Teaching | Computer Science Handbook | Kent State University

Teaching

Criteria for the evaluation of the teaching are listed in Table 6. Evaluation is based on three main activities: 1) classroom teaching and instruction, 2) course and curriculum development, and 3) student mentoring.

Classroom teaching and instruction is mainly evaluated using peer reviews, student evaluations, and developed teaching materials. Peer reviews and summaries of Student Surveys of Instruction are to be submitted as part of a candidate’s file for reappointment, tenure and promotion. Copies of representative syllabi, examinations, and other relevant teaching material should also be available for review. Documentation of innovative teaching methods can be included for review.

Activities that involve making substantial modification to a course or part of the curriculum are to be considered. Examples include, but are not limited to developing a new course, developing new lab materials, addition of distance learning options, formally proposing to change course content / format, etc. Documentation of taking a leadership role on curricular changes and implementing such changes can be included for review.

Documentation related to graduate student, undergraduate student, and post-doctoral student training should be included in materials provided by the candidate for reappointment, tenure and promotion. A list of graduated and current students along with supervised individual studies, honors thesis, thesis, and dissertations should be included for review.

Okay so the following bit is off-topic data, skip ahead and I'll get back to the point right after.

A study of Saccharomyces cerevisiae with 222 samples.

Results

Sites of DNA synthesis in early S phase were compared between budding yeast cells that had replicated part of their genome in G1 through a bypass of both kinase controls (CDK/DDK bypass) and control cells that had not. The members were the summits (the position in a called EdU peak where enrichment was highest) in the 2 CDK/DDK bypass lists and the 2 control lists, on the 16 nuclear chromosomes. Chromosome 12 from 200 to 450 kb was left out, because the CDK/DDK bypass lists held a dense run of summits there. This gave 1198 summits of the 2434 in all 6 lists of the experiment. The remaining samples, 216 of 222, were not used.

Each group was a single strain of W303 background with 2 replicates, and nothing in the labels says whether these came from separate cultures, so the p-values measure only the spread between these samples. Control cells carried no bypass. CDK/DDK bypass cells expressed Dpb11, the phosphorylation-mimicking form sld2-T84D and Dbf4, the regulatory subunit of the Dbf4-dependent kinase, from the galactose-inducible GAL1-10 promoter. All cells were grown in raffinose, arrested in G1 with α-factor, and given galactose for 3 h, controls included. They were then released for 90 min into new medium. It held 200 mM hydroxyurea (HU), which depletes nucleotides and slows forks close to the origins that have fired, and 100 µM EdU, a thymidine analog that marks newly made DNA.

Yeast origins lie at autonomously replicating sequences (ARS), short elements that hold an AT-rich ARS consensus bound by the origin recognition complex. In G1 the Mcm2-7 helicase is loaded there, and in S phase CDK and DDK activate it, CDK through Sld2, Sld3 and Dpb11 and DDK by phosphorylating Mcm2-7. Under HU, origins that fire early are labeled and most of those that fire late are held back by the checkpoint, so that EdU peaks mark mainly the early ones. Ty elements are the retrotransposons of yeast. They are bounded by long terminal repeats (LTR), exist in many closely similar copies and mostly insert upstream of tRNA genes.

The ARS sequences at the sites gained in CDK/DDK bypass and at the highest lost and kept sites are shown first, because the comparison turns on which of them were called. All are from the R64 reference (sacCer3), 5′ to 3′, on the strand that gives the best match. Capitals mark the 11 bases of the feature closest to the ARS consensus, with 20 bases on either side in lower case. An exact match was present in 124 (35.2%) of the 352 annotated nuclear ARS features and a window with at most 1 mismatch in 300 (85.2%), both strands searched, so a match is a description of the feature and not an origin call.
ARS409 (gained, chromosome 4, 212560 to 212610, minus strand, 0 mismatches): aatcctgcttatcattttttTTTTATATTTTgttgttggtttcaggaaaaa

Other information such as written comments from students, colleagues within and beyond the Department, College or University administrators shall be considered when available.

Table 6. Evaluation Components for Assessment of Teaching for promotion and tenure

Level

Teaching

Typical Activities

I

Effective teacher, effective mentor, and provides leadership in educational activities

Very good4 student and peer perceptions; regularly supervising graduate student research projects, theses, dissertations; demonstrated leadership in teaching innovations, course development, or curriculum development

II

Effective teacher and mentor

Good4 student and peer perceptions; supervising graduate or undergraduate student research projects, theses, or dissertations

III

Meets obligations well

Good4 student and peer perceptions

IV

Substandard teacher

Fair4 student and peer perceptions

V

Substandard, ineffective teacher

Poor4 student and peer perceptions; pattern of complaints for ineffective teaching


4When measured by a Student Survey of Instruction (SSI) with a Likert scale of Excellent, Very Good, Good, Fair, Poor.